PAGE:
Flanders Red Ale Recipe
credit: Smabs SputzerIt’s always exciting using an ingredient you’ve never tried before and in this case it’s the yeast blend. Brewing sour ales is something I’ve only ever dabbled in but on a recent trip to Brussels I got to try a variety of beers that are fermented with wild yeast creating, depending on the beer in question something extremely sour to something with a mild acidity or sourness.
Flemish Red Ale
Having tried a a couple of the Rodenbach Breweries beers I was inspired to try brewing my own Flanders Red Ale using the Wyeast Roselare yeast strain.
Here’s a bit of background on Flanders Red from wikipedia:
Flanders red ale is a style of sour ale usually brewed in Belgium. Although sharing a common ancestor with English porters of the 17th century, the Flanders red ale has evolved along a different track: the beer is often fermented with organisms other than Saccharomyces cerevisiae, especially Lactobacillus, which produces a sour character attributable to lactic acid. Long periods of aging are employed, a year or more, often in oaken barrels, to impart an acetic acid character to the beer. Special red malt is used to give the beer its unique color and often the matured beer is blended with a younger batch before bottling to balance and round the character.
Flanders reds have a strong fruit flavor similar to the aroma, but more intense. Plum, prune, raisin and raspberry are the most common flavors, followed by orange and some spiciness. All Flanders red ales have an obvious sour or acidic taste, but this characteristic can range from moderate to strong. There is no hop bitterness, but tannins are common. Consequently, Flanders red ales are often described as the most “wine-like” of all beers.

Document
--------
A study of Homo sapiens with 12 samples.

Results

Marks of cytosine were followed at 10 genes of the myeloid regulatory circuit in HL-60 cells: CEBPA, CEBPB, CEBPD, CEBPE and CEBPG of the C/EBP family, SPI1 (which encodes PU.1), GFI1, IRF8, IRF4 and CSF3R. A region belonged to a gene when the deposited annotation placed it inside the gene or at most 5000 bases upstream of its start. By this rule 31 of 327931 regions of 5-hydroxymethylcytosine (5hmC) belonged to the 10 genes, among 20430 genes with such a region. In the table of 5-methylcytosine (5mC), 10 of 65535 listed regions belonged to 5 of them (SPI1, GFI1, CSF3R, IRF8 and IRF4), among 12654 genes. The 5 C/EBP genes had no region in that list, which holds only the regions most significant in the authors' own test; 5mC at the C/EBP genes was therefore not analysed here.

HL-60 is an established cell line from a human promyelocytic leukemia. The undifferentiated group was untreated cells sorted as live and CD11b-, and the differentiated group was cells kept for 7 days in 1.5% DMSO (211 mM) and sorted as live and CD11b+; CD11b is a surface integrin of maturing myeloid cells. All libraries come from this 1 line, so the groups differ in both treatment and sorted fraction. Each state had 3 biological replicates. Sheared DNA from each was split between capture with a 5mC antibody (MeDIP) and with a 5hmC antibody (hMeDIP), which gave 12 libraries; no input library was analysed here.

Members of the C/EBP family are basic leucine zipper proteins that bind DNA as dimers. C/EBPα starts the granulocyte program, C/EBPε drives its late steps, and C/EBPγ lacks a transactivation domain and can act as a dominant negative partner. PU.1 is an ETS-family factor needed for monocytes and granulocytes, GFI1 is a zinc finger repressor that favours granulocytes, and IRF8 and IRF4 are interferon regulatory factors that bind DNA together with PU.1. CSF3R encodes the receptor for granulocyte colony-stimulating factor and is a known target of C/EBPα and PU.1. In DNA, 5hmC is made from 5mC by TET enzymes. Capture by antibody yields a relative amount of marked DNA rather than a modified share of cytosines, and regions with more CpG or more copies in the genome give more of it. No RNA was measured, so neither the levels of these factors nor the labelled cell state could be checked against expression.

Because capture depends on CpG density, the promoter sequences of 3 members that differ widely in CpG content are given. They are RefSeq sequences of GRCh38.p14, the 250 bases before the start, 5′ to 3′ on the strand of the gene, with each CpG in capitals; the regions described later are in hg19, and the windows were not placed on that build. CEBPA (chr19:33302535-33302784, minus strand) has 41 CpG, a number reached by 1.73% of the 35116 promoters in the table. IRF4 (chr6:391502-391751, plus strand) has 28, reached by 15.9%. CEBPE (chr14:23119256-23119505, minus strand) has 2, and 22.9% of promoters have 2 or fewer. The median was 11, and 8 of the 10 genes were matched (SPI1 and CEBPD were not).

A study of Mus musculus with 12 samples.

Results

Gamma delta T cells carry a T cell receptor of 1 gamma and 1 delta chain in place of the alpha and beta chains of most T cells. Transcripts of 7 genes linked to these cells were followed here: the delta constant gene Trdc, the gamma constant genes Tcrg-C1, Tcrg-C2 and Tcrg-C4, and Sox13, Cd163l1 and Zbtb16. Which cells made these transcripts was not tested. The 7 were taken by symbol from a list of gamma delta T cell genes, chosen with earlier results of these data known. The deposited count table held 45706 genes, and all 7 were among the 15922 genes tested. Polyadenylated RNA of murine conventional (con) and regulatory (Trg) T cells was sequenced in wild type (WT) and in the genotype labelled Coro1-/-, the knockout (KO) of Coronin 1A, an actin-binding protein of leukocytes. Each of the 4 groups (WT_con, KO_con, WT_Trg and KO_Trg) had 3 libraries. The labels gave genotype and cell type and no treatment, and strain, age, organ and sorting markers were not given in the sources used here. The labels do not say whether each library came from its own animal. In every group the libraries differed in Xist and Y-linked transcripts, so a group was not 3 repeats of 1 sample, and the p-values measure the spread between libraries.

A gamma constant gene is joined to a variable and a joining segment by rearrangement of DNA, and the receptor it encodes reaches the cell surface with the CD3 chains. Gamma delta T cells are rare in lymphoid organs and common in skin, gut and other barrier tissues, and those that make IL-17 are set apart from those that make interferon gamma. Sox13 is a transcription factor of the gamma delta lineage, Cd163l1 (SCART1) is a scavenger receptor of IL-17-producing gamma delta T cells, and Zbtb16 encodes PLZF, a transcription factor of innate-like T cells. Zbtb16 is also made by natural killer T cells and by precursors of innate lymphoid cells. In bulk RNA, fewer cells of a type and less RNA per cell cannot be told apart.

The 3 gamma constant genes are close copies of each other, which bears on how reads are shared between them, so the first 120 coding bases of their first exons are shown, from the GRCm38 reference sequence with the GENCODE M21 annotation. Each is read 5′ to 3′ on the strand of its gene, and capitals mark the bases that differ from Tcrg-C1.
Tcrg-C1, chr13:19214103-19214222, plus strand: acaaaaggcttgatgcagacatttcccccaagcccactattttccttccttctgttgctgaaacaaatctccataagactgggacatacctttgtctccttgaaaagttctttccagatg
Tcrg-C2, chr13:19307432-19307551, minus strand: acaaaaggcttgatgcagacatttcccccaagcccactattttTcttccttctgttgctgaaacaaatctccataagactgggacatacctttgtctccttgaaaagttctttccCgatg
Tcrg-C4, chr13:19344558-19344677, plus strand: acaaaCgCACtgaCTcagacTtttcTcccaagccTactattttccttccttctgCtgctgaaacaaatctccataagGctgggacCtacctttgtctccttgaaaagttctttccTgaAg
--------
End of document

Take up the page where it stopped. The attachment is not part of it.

Notable examples include Duchesse de Bourgogne and Rodenbach.
Now I’m not going to be fermenting in oak barrels but am hoping the choice of yeast given enough time will give the beer some of that tart and sour quality that I found so appealing in Belgium.
The recipe is based loosely on what I’ve found others to commonly use but modified to what I have available in my supplies, the malt bill is quite large for the style compared to say Rodenbach Grand Cru.
Batch Size: 19 Litres
Original Gravity: 1.061
Final Gravity: 1.008
Bitterness (IBU): 15.4
Est. Colour (EBU): 30.2
|Amount||Item||Type||% or IBU|
|2.13 kg||Pilsner Malt (3.3 EBC)||Grain||35.03%|
|1.60 kg||Munich Malt (19.7 EBC)||Grain||26.32%|
|1.60 kg||Vienna Malt (6.9 EBC)||Grain||26.32%|
|0.25 kg||Belgian Special B (289.6 EBC)||Grain||4.11%|
|0.25 kg||CaraMunich I (69.0 EBC)||Grain||4.11%|
|0.25 kg||Wheat Malt (4.9 EBC)||Grain||4.11%|
|20.80 gm||Styrian Goldings [5.40 %] (90 min)||Hops||14.8 IBU|
|1 Pkgs||Wyeast 3763-Roselare Belgian Blend||Yeast-Ale|
From what I’ve read the the bug in this yeast blend takes a while to come through in the beer. Therefore it will need plenty of aging in secondary before it’s going to be ready and perhaps require a year to reach maturity.